Our best foot forward

Emmet Hikory persia at ubuntu.com
Thu Nov 15 07:33:24 UTC 2007

On 11/15/07, Sarah Hobbs wrote:
> How much of all this tutorial stuff is already in the man pages?

    The manual pages contain vast amounts of detail, but I'm not sure
they provide the overview for some of the more general questions.
Further, I'm fairly certain that most complex tasks are not well
suited for man pages, as they often require several distinct steps,
with different tools (for which there are different manuals), for
which the user may need a higher-level guide.

    For a standard configuration, a lot of the information from the
man pages is already encapsulated in default configurations,
maintainer scripts, menu entries, etc. (and it's a bug if it's not).
For a specific package (containing specific applications and man
pages), most of the detail information should predominantly be of
interest for special configurations, and no "tutorial" should be
required (although users of more complex programs may benefit from
reading additional program-specific documentation (which is, again,
rarely the man page)).

    Further, as there is greater support for task- and tag- based
package management, many of the issues related to groups of packages
(e.g. LAMP, build-essential) can be addressed from the package
management tools.  Meta-information would belong in tag and task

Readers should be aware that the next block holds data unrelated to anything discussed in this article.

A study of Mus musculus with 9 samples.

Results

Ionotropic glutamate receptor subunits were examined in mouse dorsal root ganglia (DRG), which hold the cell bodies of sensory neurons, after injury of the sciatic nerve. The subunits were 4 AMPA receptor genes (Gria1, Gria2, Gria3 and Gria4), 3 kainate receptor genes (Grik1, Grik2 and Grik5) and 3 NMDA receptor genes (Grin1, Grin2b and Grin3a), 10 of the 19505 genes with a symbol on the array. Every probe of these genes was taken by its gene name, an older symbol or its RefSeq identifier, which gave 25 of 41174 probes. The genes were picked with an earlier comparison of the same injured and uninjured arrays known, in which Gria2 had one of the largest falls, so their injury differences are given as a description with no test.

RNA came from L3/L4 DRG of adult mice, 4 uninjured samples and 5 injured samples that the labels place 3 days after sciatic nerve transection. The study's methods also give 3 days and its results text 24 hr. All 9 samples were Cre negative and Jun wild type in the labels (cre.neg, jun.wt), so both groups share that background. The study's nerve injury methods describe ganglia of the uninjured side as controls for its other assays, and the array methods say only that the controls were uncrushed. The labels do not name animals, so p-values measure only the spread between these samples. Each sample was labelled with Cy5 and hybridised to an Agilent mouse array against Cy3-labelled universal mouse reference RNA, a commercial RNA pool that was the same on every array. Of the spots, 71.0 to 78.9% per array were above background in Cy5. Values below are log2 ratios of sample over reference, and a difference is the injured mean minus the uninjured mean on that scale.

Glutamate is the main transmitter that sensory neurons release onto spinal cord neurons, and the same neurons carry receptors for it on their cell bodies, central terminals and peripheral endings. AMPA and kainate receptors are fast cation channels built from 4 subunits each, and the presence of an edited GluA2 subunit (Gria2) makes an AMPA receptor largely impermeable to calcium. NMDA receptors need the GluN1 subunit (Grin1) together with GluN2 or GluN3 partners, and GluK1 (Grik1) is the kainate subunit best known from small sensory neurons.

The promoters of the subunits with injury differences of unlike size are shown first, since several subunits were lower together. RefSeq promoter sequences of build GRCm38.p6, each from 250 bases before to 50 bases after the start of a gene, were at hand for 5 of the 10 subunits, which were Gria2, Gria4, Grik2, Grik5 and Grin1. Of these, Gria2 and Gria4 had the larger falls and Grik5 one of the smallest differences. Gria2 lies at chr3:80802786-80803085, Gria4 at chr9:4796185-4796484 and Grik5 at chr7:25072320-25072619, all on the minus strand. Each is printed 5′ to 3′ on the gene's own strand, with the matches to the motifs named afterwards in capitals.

descriptions, rather than in manpages, as there is not generally an
associated program for which the user needs a manual: rather the
requirement is for general information on the suite of applications.

    For managed configuration / settings adjustment, it's a matter of
making these interfaces more prominent: most package-specific
documentation is targeted at the unusual configuration, and does not
suggest a simple reconfigure.  I wouldn't expect that additional
documentation would help much here, aside from a general effort to
insure that automated reconfiguration doesn't require knowledge of how
debconf works.

    For those completely general questions (e.g. "Why doesn't my DVD
work?", "How do I use my new gadget with Ubuntu?", "What needs to be
done before I install QuickBooks?"), general documentation is useful,
for which help.ubuntu.com seems to be the right place.

    Regarding tutorial scripts, I'm not sure that the provision of
small shell scripts to automate standard tasks is an ideal way to
address the issue of users not knowing how to do things.  Firstly, in
order for such scripts to be useful to accomplish tasks related to
packages not currently installed, they would need to be maintained
separately, and would be subject to version skew.  Secondly, in the
spirit of doing the right thing, the system should robustly handle as
many cases as possible, referring the remainder to documentation.  If
users are required to manually execute scripts to accomplish goals
they do not understand, this only adds an additional layer of
indirection, for which additional documentation may be required.